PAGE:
Rashomon: Kurosawa’s Use of Multiple Points of View

Rashomon, directed by Japanese maestro Akira Kurosawa, is one of the first classics in international film history.

While the film introduced director Kurosawa to the world, it did more than that: Rashomon introduced Japanese cinema itself to the world.

Although Japan’s film history dates all the way back to the end of the 19th century, it was not until Rashomon’s distribution in the early 1950s that the West suddenly “discovered” Japanese cinema and its great film artists whom we praise today, including Ozu, Mizoguchi, and of course Kurosawa.

Rashomon was almost never made. The production was canceled twice, but finally taken up with reluctance by the Daiei Company. his was due only to young Kurosawa’s relentless personal campaign.

Entered by Daiei in the Venice Film Fest of 1951, with little expectations, Rashomon captured the top honors to everyone’s surprise and Kurosawa’s immense joy.

Aiming high, the film dissects the philosophical notion of the relativist view of truth.

The narrative, set in the Heian period of Japan’s history, centers around a mysterious criminal act that occurs one day in the depths of a forest. The incident involves the violent confrontation of three people: an animalistic bandit, played by Toshiro Mifune, and a travelling married couple.

Although exactly what happens remains forever uncertain, the encounter leaves the husband dead.

The story is told from each of the involved parties’ wildly differing perspectives, a compelling device which has often been repeated since.

Each character’s account differs greatly, both in details and in cinematic style, that a clear verdict is impossible.

Kurosawa, originally a painter, entered the film business at the age of 26 to support his parents after the death of both of his brothers died.

He is widely acclaimed as one of the greatest directors of our age. His films include Ikiru (1952), Seven Samurai (1954), Throne of Blood (1957), Dersu Uzala (1975), and Ran (1985).

Black and white

Running Time: 88 minutes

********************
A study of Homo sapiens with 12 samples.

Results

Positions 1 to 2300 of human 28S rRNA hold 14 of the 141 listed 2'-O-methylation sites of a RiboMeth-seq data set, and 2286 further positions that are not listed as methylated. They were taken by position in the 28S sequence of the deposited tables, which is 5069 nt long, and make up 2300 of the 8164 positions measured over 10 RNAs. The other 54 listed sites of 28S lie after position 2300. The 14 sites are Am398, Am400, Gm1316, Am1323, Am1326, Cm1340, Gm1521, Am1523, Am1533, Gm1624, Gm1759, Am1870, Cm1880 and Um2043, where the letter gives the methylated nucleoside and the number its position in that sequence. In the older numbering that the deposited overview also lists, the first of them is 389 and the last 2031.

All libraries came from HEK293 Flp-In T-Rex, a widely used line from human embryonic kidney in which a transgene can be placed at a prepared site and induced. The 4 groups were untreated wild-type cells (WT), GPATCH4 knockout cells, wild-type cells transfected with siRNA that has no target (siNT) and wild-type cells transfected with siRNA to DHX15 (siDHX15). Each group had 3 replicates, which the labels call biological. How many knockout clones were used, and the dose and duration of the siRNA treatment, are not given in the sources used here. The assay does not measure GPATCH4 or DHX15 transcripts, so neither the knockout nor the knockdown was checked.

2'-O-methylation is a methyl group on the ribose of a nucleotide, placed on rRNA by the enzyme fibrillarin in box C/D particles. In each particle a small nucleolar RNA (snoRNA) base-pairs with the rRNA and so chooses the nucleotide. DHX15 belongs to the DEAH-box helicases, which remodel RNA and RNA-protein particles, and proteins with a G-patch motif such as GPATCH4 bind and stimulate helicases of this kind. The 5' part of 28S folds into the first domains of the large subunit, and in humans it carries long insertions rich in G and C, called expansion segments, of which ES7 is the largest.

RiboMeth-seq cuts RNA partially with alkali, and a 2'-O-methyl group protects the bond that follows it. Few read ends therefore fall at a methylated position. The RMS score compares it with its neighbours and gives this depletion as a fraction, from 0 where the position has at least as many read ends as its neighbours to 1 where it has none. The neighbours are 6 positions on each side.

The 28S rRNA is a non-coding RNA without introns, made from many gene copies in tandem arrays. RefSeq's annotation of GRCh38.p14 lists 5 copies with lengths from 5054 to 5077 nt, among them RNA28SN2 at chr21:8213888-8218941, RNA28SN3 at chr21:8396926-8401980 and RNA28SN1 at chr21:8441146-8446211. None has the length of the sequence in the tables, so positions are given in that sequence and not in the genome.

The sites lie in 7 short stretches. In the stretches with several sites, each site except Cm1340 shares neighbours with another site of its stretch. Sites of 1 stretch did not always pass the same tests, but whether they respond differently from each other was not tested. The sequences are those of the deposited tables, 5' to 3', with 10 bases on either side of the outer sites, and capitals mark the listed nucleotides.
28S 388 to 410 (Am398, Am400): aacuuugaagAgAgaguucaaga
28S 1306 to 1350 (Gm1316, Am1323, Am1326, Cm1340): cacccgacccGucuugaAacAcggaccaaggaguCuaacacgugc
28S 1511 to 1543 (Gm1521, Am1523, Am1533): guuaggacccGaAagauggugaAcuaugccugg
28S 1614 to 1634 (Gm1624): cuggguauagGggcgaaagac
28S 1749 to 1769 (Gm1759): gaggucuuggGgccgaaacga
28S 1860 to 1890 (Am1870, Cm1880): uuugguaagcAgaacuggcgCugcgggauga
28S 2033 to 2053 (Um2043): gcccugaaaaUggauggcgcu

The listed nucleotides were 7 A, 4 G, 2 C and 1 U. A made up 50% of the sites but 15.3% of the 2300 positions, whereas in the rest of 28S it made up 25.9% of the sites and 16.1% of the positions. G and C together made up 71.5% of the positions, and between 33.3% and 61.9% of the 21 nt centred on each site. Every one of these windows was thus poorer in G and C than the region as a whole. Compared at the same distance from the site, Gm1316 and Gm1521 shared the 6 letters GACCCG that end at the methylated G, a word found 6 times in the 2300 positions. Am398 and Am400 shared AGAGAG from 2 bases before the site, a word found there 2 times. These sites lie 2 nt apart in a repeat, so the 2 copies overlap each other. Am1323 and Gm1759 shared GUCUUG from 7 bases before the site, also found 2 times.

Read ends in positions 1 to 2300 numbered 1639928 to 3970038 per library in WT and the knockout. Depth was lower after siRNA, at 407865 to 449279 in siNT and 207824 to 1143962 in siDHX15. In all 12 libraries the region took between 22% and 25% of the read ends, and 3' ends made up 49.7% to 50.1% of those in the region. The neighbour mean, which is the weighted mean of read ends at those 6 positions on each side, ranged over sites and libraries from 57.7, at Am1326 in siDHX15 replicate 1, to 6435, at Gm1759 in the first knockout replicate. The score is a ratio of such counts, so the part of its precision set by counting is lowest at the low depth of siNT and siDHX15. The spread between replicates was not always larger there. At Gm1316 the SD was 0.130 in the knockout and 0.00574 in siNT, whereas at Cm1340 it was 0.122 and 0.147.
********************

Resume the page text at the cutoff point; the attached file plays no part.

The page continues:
Officially, the first winner in this category was La Strada in 1956, which helped established Fellini as one of the most important European director. 

Prior to the creation of a separate, legitimate category, the Academy recognized several foreign films with an Honorary Oscar, beginning with Vittorio De Sica’s neo-realistic movie Shoeshine, in 1947.

Academy leader and board member Jean Hersholt held that “an international award, if properly and carefully administered, would promote a closer relationship between American film craftsmen and those of other countries.” The citation for De Sica’s Shoeshine read: “The high quality of this motion picture, brought to eloquent life in a country scarred by war, is proof to the world that the creative spirit can triumph over adversity.”

The following pictures were singled out for Special Award before the foreign-language category was created:

             1947                 Shoeshine (Italy)                                  

            1948                 Monsieur Vincent (France)        

            1949                 The Bicycle Thief (Italy)

            1950                 The Walls of Malapaga (France-Italy)

            1951                 Rashomon (Japan)

            1952                 Forbidden Games (France)

            1953                 No citation

            1954                 Gate of Hell (Japan)

            1955                 The Seven Samurai (Japan)

Most o of the honored films had received theatrical distribution in the U.S. and came from established national cinemas, such as the French, the Italian and the Japanese.  Some of them were nominated for and won Oscars in other fields, such as costume design (Gate of Hell).

More importantly, all the movies singled out by the Academy were directed by name filmmakers, such as Italian De Sica (Shoeshine and Bicycle Thief), Japanese Akira Kurosawa (Rashomon), fellow-Japanese Teinosuke Kinugasa (Gate of Hell), and French Rene Clement (Forbidden Games).